Maybe my life seems melancholy to my readers, and I don’t actually want my blog content to be so serious. (Hence, I wrote about my two loveable labs a bit ago “Lick, Love, and Learn” 😉 My life is not dull, in spite of my deeper thoughts, and I only need a mini farm to keep it lively around here.
I’m up at the crack of dawn just about every day for the gardening, chickens, and other animals. Shortly after I’m up so is the tiny two-legged one 😉 There’s lots of action here to be had. And I go to bed utterly exhausted.
However, last night I really wanted to finally complete this side project I’ve been working on. I’m not sure why I say “side” project because, the truth is, I am always making something. I see a picture or a design or hear something or think up something and I say to me, myself, and I, “We could make that ourselves!” Yes, it’s very silly. As if I didn’t already have so much to do. Ahhh… it’s difficult to turn off the creative switch in my brain.
Back to the project last night. I decided that instead of spending $100+ on a playpen for this explorative one year old who probably wouldn’t like it anyway… Instead of trying to finagle space in this tiny farmhouse when there is no extra space… Since we don’t have basement steps… A baby teepee is the perfect solution!
Here’s the lowdown list:
- 8x2x2 wood
- Wood stain
- Painter’s canvas 4×15
- Measuring tape
- Cloth scissors
- Hot glue gun
I’m not a true DIY blogger, because I don’t take pictures of every single step in the process. But, really, this is a simple design, so it would be easy to figure out on your own.
I pinned several layouts that I liked, and you can view those in the Pinterest boards “Handmade” and “Little | Spaces.” I pieced together different tips from different DIY-ers. I didn’t want to spend much money and I definitely didn’t want to use PVC pipes for our teepee. So I gathered together the supplies I already had, scanned the pinned designs, and created my own.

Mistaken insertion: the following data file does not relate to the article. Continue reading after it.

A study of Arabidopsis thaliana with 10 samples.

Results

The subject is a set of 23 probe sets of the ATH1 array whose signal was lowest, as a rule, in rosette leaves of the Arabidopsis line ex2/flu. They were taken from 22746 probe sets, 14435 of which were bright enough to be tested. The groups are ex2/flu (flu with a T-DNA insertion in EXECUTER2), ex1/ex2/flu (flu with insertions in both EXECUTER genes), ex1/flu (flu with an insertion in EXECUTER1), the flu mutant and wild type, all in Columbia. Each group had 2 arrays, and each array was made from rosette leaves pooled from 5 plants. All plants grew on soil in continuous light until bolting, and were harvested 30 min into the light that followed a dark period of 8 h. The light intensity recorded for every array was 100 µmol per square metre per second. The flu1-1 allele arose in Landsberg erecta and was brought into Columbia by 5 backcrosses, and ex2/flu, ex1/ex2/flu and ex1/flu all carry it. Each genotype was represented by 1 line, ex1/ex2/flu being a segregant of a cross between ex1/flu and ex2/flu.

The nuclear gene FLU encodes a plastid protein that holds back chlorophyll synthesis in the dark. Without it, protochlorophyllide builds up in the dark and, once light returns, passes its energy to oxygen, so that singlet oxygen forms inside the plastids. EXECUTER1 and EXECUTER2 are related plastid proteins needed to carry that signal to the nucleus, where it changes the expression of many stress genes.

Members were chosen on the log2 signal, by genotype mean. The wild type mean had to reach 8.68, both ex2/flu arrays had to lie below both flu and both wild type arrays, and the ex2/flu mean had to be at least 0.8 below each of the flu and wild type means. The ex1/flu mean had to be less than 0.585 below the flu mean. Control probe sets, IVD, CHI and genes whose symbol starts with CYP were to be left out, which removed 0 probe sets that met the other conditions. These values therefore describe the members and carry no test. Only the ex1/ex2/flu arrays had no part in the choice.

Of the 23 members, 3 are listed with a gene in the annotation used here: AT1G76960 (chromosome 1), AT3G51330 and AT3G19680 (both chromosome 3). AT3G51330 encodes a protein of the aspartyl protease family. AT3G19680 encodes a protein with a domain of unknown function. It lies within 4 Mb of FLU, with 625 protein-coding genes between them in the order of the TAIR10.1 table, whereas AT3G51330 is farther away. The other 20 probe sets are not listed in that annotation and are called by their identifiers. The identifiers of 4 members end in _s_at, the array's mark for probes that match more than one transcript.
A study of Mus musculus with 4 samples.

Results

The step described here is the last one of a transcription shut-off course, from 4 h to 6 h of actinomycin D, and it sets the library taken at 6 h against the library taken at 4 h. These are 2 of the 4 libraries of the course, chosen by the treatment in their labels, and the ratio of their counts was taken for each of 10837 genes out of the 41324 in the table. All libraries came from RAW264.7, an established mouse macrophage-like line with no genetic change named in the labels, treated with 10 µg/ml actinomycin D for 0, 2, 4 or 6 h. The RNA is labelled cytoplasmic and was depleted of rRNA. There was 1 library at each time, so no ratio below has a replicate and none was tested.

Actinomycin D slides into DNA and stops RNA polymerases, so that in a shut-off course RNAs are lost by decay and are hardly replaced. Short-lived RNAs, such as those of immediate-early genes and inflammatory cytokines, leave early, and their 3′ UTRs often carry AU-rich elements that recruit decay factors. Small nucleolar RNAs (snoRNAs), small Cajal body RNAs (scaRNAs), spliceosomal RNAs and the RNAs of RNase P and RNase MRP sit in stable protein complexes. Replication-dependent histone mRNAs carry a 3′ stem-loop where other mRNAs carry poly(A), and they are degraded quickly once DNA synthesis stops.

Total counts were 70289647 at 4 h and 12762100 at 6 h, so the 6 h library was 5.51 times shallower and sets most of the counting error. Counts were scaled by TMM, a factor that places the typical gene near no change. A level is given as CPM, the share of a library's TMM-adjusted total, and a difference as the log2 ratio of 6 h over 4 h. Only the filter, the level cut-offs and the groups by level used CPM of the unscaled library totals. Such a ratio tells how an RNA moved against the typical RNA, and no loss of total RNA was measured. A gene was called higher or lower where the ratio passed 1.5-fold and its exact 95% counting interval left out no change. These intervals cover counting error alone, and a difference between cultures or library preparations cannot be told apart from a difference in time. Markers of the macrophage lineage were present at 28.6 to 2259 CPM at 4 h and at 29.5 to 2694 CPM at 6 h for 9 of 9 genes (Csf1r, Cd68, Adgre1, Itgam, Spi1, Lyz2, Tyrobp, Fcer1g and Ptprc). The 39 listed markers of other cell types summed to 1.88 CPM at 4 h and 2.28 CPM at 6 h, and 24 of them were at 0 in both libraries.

First I built the structure. I collected the wood (I had the Lowes assistant cut mine down to five feet), used an electric sander to quickly take off the rough edges, stained the boards with a cloth, drilled holes at the six inch mark (you can do it wherever you want), strung the twine through the four boards, and interlaced it at the top while leaning the boards out into a teepee structure.
Next I created the drape. I bought the canvas (in the paint section of the store), measured the boards from the holes of twine down to the floor (so as to see how much fabric was needed for each panel), measured the bottom width and the top width (chose my top to be ten inches), drew the lines, cut, and glued the panels together.
Side Note: I measured three panels to be 60 inches, but one came out a little short (since the whole canvas sheet was just 15 feet), so that shorter one is the middle panel and hangs on the back of the teepee. Anyway, it’s good to have extra length on each panel so as to wrap & glue the extra fabric around the bottom of the teepee legs. Does that make sense? Pulling the fabric up around the legs and gluing it in to place makes the overall teepee structure more sturdy and keeps the fabric from slipping.
Lastly, after gluing the panels together, I draped and centered the whole piece onto the teepee structure and glued spots in place. It’s definitely not indestructible for an active toddler who will pull more. But at this stage my girl is still kind of dainty and I’m not worried about it holding together. The most secure way to keep the cloth in place is to drill small wood screws through at the top.